The Mystwick School of Musicraft by Jessica Khoury is a light fantasy for middle grade readers. In this story, a young girl seeks to win a spot in the magical school of musicraft, where her mother, long dead, was once a star student.
If you’ve heard anything about this book, there’s a good chance it’s been in comparison to that OTHER book about a boarding magical school–early reviews have been peppered with comparisons. I personally didn’t get a heavy Hogwarts vibe, but you can decide for yourself!
Here’s my review:
Budding young musician Amelia Jones has always had one goal: to be accepted into the Mystwick School of Musicraft, where her mother, who died when Amelia was young, was once a star flute player and maestro. There, world class maestros teach students how to create music so stunning, it has actual magical powers. Powers for growing things, powers for healing things, power for pretty much anything. Maybe even enough power to raise the dead—or at least their spirits—long enough for Amelia to find out what happened in the accident that killed her parents but left her alive so long ago.
However, Mystwick only takes the best—and when Amelia arrives for her audition and hears the other Mystwick hopefuls play, she fears she isn’t in their league. If that wasn’t enough, her audition goes horribly wrong when her musicraft escapes her control, landing her on the wrong side of the lead maestro she desperately wants to impress. So, Amelia is understandably surprised when she receives an acceptance letter.
Once she arrives at the campus, though, she learns there’s been a mistake: her letter was meant for another (much more talented) Amelia Jones. The letter had been sent to a famous pianist who shares Amelia’s name and who was recently reported lost at sea.
But with one Amelia Jones missing, it seems the school has an open slot—one that might be Amelia’s, but only if she can earn it. The maestros offer Amelia a deal: if she can improve her musicraft to the level of the other students over the next few weeks, she can stay. Amelia can’t help but notice they don’t seem to have a lot of faith in her. Honestly, neither does she. But Amelia is willing to do anything to stay at her mother’s academy, even if it means turning to black musicraft to get what she wants. And, it turns out, she may not be the only one.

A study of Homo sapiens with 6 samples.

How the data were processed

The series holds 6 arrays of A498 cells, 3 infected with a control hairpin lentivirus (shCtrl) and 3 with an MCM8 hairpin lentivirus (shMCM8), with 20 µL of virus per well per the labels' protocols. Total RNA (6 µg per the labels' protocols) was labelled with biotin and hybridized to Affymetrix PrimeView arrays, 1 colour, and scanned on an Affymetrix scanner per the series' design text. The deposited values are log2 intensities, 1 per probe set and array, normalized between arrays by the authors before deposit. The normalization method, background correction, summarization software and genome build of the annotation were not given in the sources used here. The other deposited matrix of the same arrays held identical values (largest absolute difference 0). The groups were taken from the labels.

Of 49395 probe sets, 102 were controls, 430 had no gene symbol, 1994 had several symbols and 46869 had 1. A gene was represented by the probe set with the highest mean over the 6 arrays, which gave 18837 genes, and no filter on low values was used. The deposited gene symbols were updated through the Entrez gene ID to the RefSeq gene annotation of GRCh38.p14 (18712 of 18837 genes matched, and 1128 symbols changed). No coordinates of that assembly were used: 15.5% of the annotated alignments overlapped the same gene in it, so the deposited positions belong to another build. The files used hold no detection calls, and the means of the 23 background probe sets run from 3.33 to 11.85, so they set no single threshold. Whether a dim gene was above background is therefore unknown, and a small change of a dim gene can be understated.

This book is simply delightful. The spunky main character Amelia Jones, with all her fears, anxieties, and secret longings, is winningly relatable. Readers will cheer as she navigates her way around Mystwick, trying to earn her place in the pack while tending to friendships, both easily made and hard earned, while solving the mystery of the ghost that’s been haunting her steps since her arrival.
Amelia’s journey through grief and acceptance over her parents’ deaths is an important one, and though I do wish these feelings had been explored more in-depth, the story’s resolution was satisfying. Khoury’s middle grade voice is authentic and her writing is elegant in its simplicity, so much that it’s practically invisible, allowing characters and story to take center stage, which is just how it should be.
All told, The Mystwick School of Musicraft will delight young readers and is suitable for ages eight and up, though adults with a penchant for light-hearted middle grade reading may also enjoy it. Honestly, I wouldn’t hesitate to champion this book to anyone with a love of music, fantasy, or just great stories.
I happen to be a big fan of audiobooks, and while this book is likely to enchant in any format, the Audible Original version of this book, narrated by Suzy Jackson, includes original musical compositions that really bring the Mystwick School of Musicraft to life. I’m not affiliated with Amazon, and I don’t typically plug their products, but the production on this one is rather spectacular. And it makes me curious to know how other people like to enjoy their reading!
Do you use audiobooks? Are there certain titles you prefer listening to, rather than reading? Tell us how you like to read!